THE BEST weapon in the fight against cancer may be the human body itself.
In June, at the annual meeting of the American Society of Clinical Oncologists (cancer experts), pharmaceutical giants Bristol-Myers and Merck presented data on clinical trials involving a new class of drugs, immunotherapies.
Traditional therapies use external means to fight cancer. Chemotherapy uses one or more drugs to destroy cancer cells but kills healthy cells in the process.
Immunotherapy aims to harness the body’s own power to fight cancer.
How does immunotherapy work? T cells are the immune system’s soldiers, essential in the fight against disease. PD-1 is a receptor on the surface of T cells.
When cancer strikes, the cells have protein molecules that somehow bind with PD-1, blocking the soldier T cells from fighting tumors. Our defenses are not exactly destroyed, but they are rendered useless.
The logical step is to allow access, which is what anti-PD-1 drugs aim to do. By unblocking T cells so they can fight cancer, immunotherapy enables our own immune system to do most of the work.
So far, results have been promising. Studies found that when Bristol-Myers combined the drug Nivolumab with its immunotherapy drug, Yervoy, melanoma tumors decreased significantly more than with either drug alone.
Other studies showed that Nivolumab also aided in extending survival rates of kidney and lung cancer victims.
Bristol-Myers is now conducting phase three trials of immunotherapy drugs.
Merck’s own drug, Lambrolizumab, reduced tumors by a whopping 38 percent in people with advanced melanoma. The United States Food and Drug Administration (FDA) called Lambrolizumab a breakthrough therapy.
Immunotherapy is one of eight trends that Goldman Sachs analysts predict will cause “creative destruction.” The words, which seem polar opposites, describe huge events that can disrupt existing conditions and potentially reshape industries.
I think the recent acquisition of the staid Washington Post by e-book pioneer Jeff Bezos of Amazon may be a disruptor, though it is too early to say. (This did not make it to Goldman’s list, which was released on Aug. 5.)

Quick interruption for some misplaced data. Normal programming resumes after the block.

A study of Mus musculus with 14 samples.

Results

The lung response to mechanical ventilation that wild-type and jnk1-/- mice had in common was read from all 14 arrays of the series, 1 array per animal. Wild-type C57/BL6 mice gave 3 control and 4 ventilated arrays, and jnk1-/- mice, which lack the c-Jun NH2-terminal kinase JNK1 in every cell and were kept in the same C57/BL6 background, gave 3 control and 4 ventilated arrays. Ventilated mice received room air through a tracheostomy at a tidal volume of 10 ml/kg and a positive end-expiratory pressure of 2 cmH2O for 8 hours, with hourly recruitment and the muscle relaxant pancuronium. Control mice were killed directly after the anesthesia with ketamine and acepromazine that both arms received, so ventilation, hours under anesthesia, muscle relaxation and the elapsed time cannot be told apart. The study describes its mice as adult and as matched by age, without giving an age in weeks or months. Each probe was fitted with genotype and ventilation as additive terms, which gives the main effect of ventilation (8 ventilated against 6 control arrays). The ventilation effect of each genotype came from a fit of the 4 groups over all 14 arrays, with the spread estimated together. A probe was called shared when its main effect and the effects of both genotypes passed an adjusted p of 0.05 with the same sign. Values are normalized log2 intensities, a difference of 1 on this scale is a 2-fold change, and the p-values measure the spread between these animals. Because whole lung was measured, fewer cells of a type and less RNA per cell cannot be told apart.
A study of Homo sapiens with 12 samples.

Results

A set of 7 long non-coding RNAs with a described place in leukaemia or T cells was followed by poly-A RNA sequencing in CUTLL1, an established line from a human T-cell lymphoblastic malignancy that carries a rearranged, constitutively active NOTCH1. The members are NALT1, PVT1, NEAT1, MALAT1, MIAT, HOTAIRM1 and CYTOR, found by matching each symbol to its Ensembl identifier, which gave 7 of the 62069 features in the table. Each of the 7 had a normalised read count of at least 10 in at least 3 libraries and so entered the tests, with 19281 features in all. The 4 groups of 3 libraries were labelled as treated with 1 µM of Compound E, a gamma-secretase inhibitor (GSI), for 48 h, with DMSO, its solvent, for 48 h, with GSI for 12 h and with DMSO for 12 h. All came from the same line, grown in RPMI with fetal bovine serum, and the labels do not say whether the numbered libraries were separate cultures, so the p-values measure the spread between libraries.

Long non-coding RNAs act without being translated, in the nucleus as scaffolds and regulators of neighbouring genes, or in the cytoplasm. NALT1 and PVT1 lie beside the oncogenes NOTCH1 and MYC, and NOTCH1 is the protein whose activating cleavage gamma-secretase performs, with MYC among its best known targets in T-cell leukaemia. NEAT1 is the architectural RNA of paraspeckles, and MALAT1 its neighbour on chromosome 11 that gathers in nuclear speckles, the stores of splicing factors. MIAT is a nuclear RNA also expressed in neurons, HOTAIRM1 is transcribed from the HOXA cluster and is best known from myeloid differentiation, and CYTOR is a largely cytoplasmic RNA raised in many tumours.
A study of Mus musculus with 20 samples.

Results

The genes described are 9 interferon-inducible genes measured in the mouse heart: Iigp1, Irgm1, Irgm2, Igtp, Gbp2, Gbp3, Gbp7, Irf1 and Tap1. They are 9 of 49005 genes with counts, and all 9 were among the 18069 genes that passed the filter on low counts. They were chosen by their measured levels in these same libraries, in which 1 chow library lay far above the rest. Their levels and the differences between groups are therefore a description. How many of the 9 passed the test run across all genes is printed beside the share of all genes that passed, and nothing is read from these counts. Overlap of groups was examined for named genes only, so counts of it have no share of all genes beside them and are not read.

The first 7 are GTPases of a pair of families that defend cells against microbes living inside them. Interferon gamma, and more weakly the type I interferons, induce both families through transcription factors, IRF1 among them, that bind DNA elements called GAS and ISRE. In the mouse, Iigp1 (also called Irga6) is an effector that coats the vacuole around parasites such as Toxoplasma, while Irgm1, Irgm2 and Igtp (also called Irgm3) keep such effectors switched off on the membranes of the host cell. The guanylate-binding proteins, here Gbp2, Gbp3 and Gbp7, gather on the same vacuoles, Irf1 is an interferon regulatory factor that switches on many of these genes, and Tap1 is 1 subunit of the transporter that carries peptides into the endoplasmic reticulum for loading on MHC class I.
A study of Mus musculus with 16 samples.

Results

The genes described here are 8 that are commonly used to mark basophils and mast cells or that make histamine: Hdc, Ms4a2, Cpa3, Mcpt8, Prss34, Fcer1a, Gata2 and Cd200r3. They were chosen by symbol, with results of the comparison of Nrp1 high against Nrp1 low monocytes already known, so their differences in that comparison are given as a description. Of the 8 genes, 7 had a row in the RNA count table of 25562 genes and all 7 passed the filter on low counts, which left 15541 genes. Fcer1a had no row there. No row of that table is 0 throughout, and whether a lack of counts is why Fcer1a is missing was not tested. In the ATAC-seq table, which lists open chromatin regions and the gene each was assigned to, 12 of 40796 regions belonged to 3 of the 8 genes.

On Goldman’s list is 3D printing. Based on a blueprint of a digital model, the printer builds (not just prints) a real product layer by layer, one at a time. Also called additive manufacturing, 3D printing can use a variety of materials, like plastic (to make gadgets), metal (to make guns) and fiber (to make clothing).
Companies such as Stratasys and 3D Systems have used 3D printing to make industrial parts for automobile and airplane companies (such as Boeing).
But 3D printing has expanded beyond heavy industry. Organovo in San Diego, California, makes bioprinters to create human tissue for medical research and regenerative purposes. The printers have already created hearing aids, dental implants, prosthetic limbs.
Organovo can create blood vessels, lung tissue and even tumors for research, in partnership with drug companies Pfizer and United Therapeutics.
Creating functional human organs is likely still ten years away. But 3D printing has already revolutionized medicine. The CNBC reported in 2012 that Wake Forest University in North Carolina had teamed up with the Armed Forces Institute for Regenerative Medicine to create cells that could be placed directly on an injury to make the wound heal faster.
Cornell University has created not just bone implants and knee cartilage but also heart valves.
Light-emitting diodes (LED) bulbs are also disruptors. While not exactly novel, the newest ones, particularly the Cree bulb, are far better than the older versions. The Cree LED bulb is 85 percent more energy-efficient than conventional ones.
A Cree bulb provides 25,000 hours of light (other LEDs can last up to 50,000 hours) while the incandescent bulb is good for only 1,000 hours. Best of all, the Cree LED bulb is affordable. One bulb costs around $10.
LED bulbs now have a 5-
percent market share, but Goldman predicts this can go up to 80 percent in 12 years’ time. In Asia, the Taiwan-based Epistar is a LED leader.
All of us, in one way or another, have already done cloud computing, although we may not know it. When we use Gmail, post photos on Facebook, make online hotel reservation or tweet our thoughts, we are most likely in the cloud.
Cloud computing stores data or software in the net and delivers services over the net to be accessed by a company or a person, ideally anytime, anywhere.
Companies that use the cloud range from Amazon, Google and Microsoft (particularly through the Azure program) to Dropbox (file storage), Netsuite (business applications) and Salesforce (financial services).
Electronic cigarettes (e-cigarettes) are also on Goldman’s disruptor list. The battery-powered devices heat a nicotine solution to make a vapor, which is then inhaled.
Goldman says e-cigarettes are 99-percent less harmful than tobacco products. They are also cheaper. But Goldman warns that the FDA may soon put restrictions on e-cigarettes and taxes may increase.
Some studies show that e-cigarettes may be as addictive as the real thing. Cynics point out that e-cigarettes are now being promoted by an industry in search of new (addicted) customers. Thus, I believe that e-cigarettes, while they may be a disruptor, should not be heavily promoted in our country.
Other creative destructors are natural gas engine technology, big data and catastrophe reinsurance.